Why is Preschool so important for children?
Let me tell you a story about a mom who thought her son did not need preschool.
She was a first-time mother and felt she was more than ready for this experience. She taught her child everything by the age of four. He could identify every can’t; he knew his shapes and numbers – and alphabets? He could read any book you handed him from the bookshelf! Why would he need preschool? He knew everything; he would just get bored there.
So, she didn’t send him to preschool. She decided he could directly go to kindergarten when the time comes.
When he turned 5, she immediately sent him to kindergarten.
She didn’t doubt his abilities even once. On his first day, she watched as his son joined other children in the gymnasium. They all looked very nervous and twitchy. But she thought her son was doing just fine.
Until it was time to go to their classroom. When kids said, “Okay, kindergarten! Let’s get in a line!” All the kids started lining up, walking and running like little penguins, except for one child; her son. He just stood there shoulder to shoulder with one child, having absolutely no idea what’s even going on. That is when she realized; she made a mistake.
Her son didn’t know how to line up.
He never had to, because he never went to preschool. He missed out on a lot of things, didn’t he?
Yes. He did. Knowing basic math and all the alphabets aren’t the only things that matter. Social skills are vital. Her son had never been part of a group, or class. So, he never knew how to behave when he became part of one. Skills like that usually children learn in preschool – and her son has to struggle for the next school year to learn.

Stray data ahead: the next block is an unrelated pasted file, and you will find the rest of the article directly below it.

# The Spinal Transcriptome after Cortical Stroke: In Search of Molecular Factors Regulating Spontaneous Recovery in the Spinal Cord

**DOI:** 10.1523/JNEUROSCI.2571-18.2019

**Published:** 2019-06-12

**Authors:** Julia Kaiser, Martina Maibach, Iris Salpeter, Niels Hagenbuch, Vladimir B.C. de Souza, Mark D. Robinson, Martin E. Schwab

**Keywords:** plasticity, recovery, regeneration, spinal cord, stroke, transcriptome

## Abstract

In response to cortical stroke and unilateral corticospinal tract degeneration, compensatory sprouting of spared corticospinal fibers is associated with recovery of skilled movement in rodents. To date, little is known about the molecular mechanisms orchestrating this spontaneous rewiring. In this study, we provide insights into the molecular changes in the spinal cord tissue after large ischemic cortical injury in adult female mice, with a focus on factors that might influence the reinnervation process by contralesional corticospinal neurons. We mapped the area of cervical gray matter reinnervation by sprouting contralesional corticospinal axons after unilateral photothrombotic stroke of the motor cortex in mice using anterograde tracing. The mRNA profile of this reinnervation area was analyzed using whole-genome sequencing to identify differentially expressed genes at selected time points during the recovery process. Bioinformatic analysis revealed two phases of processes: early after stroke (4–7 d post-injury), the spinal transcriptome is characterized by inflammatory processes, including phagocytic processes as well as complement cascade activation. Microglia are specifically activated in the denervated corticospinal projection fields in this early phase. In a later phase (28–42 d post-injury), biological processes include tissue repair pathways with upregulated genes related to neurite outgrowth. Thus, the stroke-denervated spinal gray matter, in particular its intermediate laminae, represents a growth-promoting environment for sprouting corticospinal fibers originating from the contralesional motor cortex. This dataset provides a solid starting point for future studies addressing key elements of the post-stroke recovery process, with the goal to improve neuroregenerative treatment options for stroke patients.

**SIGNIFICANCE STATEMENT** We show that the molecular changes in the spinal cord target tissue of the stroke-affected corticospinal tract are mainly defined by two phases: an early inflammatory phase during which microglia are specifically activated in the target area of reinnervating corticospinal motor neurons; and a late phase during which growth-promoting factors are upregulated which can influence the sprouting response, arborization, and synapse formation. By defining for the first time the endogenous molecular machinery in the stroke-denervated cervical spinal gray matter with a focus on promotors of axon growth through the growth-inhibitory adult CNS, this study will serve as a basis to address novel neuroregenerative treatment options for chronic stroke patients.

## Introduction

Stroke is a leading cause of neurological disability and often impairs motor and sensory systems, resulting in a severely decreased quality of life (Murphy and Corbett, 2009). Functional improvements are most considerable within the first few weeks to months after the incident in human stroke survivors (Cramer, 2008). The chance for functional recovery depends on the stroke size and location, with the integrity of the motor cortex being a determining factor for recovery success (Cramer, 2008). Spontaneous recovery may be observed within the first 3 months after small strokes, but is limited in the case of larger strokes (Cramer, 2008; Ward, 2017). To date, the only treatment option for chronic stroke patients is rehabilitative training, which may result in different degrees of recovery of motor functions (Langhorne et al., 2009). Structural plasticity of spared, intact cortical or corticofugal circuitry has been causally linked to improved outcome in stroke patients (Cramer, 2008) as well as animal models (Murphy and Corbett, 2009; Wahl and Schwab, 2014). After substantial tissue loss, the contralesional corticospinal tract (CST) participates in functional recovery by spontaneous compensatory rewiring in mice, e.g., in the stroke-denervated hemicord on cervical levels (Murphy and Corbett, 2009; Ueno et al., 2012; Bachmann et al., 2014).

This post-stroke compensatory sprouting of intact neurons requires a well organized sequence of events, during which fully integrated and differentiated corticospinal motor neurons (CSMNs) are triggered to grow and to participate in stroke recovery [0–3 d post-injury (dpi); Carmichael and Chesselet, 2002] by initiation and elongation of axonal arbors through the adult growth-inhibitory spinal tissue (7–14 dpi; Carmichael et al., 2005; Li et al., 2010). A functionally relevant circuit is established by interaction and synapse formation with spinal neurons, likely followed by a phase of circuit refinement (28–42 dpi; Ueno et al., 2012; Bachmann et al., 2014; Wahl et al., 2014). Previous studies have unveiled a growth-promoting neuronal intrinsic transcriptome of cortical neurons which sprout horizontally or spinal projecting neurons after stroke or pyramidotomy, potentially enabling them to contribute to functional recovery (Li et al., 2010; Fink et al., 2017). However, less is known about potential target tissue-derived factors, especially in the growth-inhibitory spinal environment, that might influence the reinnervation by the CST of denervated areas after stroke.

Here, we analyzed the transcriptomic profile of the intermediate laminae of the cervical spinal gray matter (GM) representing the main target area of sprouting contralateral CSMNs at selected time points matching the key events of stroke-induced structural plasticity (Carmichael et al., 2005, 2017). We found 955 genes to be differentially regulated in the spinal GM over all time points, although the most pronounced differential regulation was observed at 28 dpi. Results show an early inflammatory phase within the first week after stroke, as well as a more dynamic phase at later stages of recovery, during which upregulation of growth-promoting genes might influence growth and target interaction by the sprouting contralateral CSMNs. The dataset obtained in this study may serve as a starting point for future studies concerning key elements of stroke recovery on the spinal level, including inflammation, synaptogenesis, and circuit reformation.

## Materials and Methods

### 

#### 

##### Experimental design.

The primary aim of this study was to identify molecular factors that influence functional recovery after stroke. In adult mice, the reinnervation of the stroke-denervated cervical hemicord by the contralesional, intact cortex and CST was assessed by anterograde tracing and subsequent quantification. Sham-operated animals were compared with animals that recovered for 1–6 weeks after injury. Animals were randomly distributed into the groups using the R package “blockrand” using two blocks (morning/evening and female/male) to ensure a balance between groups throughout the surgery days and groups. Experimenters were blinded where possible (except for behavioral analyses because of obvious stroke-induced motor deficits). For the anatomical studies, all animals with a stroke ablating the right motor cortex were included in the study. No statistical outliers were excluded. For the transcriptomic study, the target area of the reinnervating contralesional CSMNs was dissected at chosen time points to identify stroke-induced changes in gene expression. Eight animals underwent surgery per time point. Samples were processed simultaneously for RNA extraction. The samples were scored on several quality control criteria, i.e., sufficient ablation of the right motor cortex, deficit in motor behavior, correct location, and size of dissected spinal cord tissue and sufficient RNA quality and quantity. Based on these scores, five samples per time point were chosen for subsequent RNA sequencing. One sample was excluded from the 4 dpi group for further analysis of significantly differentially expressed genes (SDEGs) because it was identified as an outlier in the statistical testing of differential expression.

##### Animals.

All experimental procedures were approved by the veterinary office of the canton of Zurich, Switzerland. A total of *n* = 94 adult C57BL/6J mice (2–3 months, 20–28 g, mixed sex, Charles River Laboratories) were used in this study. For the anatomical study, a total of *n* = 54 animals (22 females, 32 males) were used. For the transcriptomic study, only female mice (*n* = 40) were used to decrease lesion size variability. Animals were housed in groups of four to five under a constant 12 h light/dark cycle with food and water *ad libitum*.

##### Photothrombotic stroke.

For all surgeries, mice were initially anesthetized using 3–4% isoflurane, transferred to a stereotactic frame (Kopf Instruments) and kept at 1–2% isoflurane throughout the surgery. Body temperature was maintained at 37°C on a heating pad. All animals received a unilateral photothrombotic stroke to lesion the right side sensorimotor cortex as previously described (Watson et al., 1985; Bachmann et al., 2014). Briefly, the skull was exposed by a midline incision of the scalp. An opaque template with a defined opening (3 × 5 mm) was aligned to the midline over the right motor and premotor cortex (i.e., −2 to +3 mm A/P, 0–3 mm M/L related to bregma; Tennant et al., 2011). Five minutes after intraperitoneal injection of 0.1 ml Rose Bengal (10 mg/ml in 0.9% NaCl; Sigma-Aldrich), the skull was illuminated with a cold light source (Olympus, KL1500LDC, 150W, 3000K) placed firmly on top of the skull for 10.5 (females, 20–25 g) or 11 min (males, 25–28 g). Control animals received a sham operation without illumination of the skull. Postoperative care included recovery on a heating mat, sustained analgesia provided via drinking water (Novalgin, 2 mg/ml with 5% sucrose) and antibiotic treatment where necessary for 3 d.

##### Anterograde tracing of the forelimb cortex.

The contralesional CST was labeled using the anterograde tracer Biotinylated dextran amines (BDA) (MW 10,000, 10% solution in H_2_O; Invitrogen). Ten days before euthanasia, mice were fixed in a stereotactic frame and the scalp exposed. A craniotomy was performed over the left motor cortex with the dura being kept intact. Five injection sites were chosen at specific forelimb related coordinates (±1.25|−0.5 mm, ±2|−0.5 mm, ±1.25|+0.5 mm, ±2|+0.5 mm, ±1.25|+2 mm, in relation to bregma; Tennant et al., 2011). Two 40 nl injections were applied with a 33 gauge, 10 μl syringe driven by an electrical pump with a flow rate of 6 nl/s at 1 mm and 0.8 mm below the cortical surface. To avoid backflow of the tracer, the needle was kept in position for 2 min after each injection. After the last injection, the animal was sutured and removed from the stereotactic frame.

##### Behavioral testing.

She thought he knew more than the other kids, so he would be ahead of them.
He was quite far behind the other children.
Critical skills are taught in preschool, that you can not teach your kids alone at home. They need social interaction, and a teacher to guide them how to behave in class. This isn’t just my opinion. It was proved in a report, written by several qualified childhood professionals from Duke, Vanderbilt, Rutgers, and Harvard. They also said preschool is the best choice for low-income and multilingual households.
Sure, your child may already know the alphabets and the numbers, and maybe even a few poems. But preschool teaches you much more than that.
Preschool helps your child feel secure.
It helps your child develop a routine. They develop the habit of getting up early and sleeping early. They see the same familiar faces every day and know that they have friends and a teacher who loves them.
Preschool provides diversity.
Children are not born racist, sexist, or homophobic. Adults teach them those things. However, in a preschool environment, they don’t care about anyone’s color, religion, or nationality. They are very tolerant and learn to mix with all sorts of children, regardless of all those things.
Preschool teaches responsibility.
They are taught to be organized. In preschool, they are assigned little “jobs” or tasks, like turning off the lights while going to recess, or hanging your coats and picking up your toys from the floor. It gives children a sense of accountability.
Preschool promotes self-sufficiency.
They struggle on their own for a bit and learn new things when their parents or teachers aren’t around. Like how to zip up your jacket, sanitize your hands, or wash your butt – stuff like that.
Preschool keeps kids active.
They learn teamwork and how to play around with a bunch of other children. It keeps them healthy and active. A bit of physical exercise is always important for the emotional growth of your child. Playing at home is not enough for them.
So, that is how she learned that even if she is the best parent on earth, it is not sufficient. Her child needed preschool. There are so many benefits that preschools provide which you cant give your children at home. So, even if you think they are ready after they know all the fundamentals of language and math taught at home, trust me. They’re not.